From: Tim X
Subject: Re: Help me with Emacs
Date: Sat, 14 May 2005 18:24:49 +1000
User-agent: Gnus/5.1007 (Gnus v5.10.7) Emacs/21.4 (gnu/linux)

"Ronit Tajian" <address@hidden> writes:

> Hi,
> I downloaded Emacs 21.4 from
> ftp://ftp.gnu.org/gnu/emacs/emacs-21.4a.tar.gz under Linux.
>
> Followed the instructions in the INSTALL text to install
> it. Everything seems to went fine. When trying to run or open the
> Emacs receive this error:
> ---------------------------------------------------------------
> Xlib: connection to ":0.0" refused by server
> Xlib: No protocol specified
>
> emacs: Cannot connect to X server :0.0.
> Check the DISPLAY environment variable or use `-d'.
> Also use the `xhost' program to verify that it is set to permit
> connections from your machine.
> -------------------------------------------------------------------------------------
>

This error generally indicates the user you are logged in as does not
have permission to write to your X display. There are lots of possible
causes for this, but a common one is due to you using su to login as
another user and then try to run an X application as that user. 

The X windows system uses a 'magic cookie' to control access to the X
display. Most modern linux distributions set this up automatically
(see the xauth man page). The xauth system places the magic cookie in
a file in the users home directory - usually called .Xauthority. When
you try to run an X based appication, the X server checks to see if
you have a valid cookie and only allows connections if one exists. 

Users sometimes get caught here when installing new software. For
example, you decide to install emacs from the tar ball into
/usr/local/someplace. As you need to be root to write to this part of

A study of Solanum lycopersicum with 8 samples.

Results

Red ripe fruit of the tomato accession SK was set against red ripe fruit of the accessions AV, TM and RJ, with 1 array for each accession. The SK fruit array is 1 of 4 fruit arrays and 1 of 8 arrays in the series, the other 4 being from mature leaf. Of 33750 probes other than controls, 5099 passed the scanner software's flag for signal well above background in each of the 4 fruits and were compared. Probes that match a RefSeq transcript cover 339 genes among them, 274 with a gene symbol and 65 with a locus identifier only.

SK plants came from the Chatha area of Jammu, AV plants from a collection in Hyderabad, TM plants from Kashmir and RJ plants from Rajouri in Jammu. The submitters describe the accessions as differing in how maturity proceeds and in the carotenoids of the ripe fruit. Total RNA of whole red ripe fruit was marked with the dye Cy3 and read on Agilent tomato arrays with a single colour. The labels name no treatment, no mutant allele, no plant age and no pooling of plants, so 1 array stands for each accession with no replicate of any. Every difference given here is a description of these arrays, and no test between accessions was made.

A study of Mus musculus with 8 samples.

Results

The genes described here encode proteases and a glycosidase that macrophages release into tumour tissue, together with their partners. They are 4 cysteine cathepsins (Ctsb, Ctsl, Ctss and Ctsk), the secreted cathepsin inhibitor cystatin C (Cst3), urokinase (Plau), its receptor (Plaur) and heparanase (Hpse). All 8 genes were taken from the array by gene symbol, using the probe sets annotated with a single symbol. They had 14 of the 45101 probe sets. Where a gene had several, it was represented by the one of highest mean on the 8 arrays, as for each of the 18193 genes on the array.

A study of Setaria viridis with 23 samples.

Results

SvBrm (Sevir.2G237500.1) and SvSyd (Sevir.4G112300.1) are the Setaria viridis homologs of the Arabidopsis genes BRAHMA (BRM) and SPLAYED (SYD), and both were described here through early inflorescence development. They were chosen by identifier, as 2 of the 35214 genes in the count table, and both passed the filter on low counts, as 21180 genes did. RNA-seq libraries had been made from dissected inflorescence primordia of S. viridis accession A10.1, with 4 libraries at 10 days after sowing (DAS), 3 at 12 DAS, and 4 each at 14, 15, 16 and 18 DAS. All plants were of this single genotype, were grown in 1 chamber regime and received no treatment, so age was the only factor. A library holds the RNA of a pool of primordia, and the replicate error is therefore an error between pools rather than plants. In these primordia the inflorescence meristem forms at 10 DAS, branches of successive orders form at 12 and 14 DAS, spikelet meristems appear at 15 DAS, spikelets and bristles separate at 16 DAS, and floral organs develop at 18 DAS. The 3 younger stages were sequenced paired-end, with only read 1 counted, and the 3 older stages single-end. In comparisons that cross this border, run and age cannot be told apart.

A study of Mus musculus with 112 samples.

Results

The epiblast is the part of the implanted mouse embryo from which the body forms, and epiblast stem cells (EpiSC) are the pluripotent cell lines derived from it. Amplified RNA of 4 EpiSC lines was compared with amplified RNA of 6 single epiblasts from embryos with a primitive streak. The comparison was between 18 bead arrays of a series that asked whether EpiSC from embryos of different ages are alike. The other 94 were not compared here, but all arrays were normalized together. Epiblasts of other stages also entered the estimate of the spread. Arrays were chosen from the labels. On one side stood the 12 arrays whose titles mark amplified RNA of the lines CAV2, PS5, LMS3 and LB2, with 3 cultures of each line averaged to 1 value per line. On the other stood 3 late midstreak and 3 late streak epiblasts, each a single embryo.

the filesystem, the user does and 'su -' and as root downloads the
sources into /usr/local/emacs-21.4 (or whatever). Then cd's to that
directory and does the build. When completed (and usually) before
installing the binary into /usr/local/bin  etc, the user tries running
the newly build emacs by executing the 'emacs' command. Then they see
the error message you get. The problem is that the X server has
checked to see if the user has a valid xauth cookie in their home
directory, but because they are running as root, the root home
directory is checked and there is no valid cookie available. The
result is the connection is refused and you see the error message you
are getting. 

There are a number of solutions to this problem. The easiest thing to
do is try testing the new emacs as the user your logged into X as, not
as root. Change to another xterm and run emacs or exit from root and
try running it.

If you still get the error, then something else is wrong. I don't
believe its your DISPLAY setting as this would prevent xterms from
running. You will need to dig deeper.

Note that you should not use the xhost command as suggested in the
error message - xhost creates a security hole. Although this is
probably not a concern on a single user system, it could be a concern
on a multi user system. The problem with xhost is that it is a host
based authorisation system. If you use xhost to allow connections to
your X display, it will allow anyone on that host to connect to your X
display. This could allow someone to install a sniffer which captures
keystrokes entered in the X session. A safer solution is to either
only run X apps as the user logged into the X session or merge your
Xauthority file with the Xauthority file of the other user you want to
grant permission to access your X display to. The X Windows
distribution use to come with a script call xon (or Xon) which did
this using rsh. It is trivial to re-write this script to use ssh/scp -
if you only want this capability on the local host, you can achieve
the same sort of thing just using cp. It would be quite trivial to
write your own su wrapper script which could do this automatically -
in fact, I think GNOME is often configured to do this automatically. 

-- 
Tim Cross
The e-mail address on this message is FALSE (obviously!). My real e-mail is
to a company in Australia called rapttech and my login is tcross - if you 
really need to send mail, you should be able to work it out!